Even in the electronic age, children still love blocks. So we ask ourselves: “What can children learn from blocks apart from seeing how high they can stack them before they fall down again?”
Children can learn a multitude of things from block building:
- Lifting and carrying blocks develops large motor control; Building tall, complex structures that don’t fall down teaches about math and architecture; Group conversation is practised by discussing what they are building; Teamwork is promoted through children deciding together how they would like to build.
Block play can be classified in different stages and is easy to access as there are so many types of blocks available both commercially and home-made.
EXCERPT FROM BLOCK PLAY
Even with the electronic age, children still love blocks.
Not only children. Look how many adults build with Lego. Lego comes out with new block sets all the time.
So we ask ourselves what children learn from blocks apart from seeing how high they can stack them before they fall down.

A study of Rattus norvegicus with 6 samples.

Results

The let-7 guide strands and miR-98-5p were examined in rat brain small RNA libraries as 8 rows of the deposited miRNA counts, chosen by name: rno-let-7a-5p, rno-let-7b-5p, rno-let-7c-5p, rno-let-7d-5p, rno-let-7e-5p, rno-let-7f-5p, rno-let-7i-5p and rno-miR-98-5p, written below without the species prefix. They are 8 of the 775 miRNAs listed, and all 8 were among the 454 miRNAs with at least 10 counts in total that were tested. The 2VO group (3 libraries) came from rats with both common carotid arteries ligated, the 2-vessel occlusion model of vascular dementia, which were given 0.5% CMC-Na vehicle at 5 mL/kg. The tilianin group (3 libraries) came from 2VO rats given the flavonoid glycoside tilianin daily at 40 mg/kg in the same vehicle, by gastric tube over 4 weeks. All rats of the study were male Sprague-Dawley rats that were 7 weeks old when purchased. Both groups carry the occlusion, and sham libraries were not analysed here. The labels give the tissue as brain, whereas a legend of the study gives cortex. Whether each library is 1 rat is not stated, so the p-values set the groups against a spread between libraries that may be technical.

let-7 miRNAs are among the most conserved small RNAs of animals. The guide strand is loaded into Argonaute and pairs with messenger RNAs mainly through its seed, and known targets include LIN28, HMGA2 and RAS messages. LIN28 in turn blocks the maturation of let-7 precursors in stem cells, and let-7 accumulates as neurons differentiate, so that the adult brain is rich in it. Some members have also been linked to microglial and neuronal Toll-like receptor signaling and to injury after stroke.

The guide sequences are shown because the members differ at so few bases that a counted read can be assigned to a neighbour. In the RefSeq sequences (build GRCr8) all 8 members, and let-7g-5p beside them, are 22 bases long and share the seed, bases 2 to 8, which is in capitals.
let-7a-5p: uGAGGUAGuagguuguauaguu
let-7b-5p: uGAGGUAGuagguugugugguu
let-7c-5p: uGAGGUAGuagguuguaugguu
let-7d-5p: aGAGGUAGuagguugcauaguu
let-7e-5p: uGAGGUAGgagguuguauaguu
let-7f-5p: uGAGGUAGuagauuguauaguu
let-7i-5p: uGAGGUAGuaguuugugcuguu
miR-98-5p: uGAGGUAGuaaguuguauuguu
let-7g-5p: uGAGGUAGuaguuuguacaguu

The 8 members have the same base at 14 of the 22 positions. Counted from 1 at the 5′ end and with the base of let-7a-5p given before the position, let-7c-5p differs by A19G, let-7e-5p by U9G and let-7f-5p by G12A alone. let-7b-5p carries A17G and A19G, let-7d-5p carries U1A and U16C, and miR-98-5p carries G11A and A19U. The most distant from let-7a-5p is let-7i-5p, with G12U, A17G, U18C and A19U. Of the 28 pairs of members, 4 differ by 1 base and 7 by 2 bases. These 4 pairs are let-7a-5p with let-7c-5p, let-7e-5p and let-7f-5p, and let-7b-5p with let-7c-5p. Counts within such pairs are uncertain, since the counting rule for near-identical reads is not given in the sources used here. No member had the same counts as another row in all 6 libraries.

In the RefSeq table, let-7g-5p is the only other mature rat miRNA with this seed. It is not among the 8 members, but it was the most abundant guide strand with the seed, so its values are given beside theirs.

Children develop large motor control from lifting and carrying blocks, stretching to place a block up high, and returning the blocks to the shelves when they have finished. They develop fine motor skills by turning around the small blocks to fit one on top of the other, or set up animals and people, or roll a ball or marble down a ramp. Co-ordination. Balance. Spatial orientation. Body awareness, hand-eye coordination, sensory exploration, and visual perception.
The children learn about Math and architecture. To build tall complex structures that don’t fall down they have to apply principles of architecture and engineering. The bases of the structure have to be stable to support the rest. They must learn to balance, as too many blocks in one place will make it fall. They have to make sure that any columns they build must support the arches or roof. If they build tunnels they will collapse if they are not constructed correctly. Counting…… Teachers can ask the children how many blocks are in the tower, or ask them to put five blocks in a row. Area and Space….. They can see how many animals they can put in a yard they have build, or how many people will go into the house. They can use the blocks to make patterns, or use the blocks to add or subtract or even to create graphs. Order blocks by size- develop language of comparison, biggest, smallest. Estimate and predict…How many more do I need.
A 2 hour Certificate of Completion is issued for this workshop.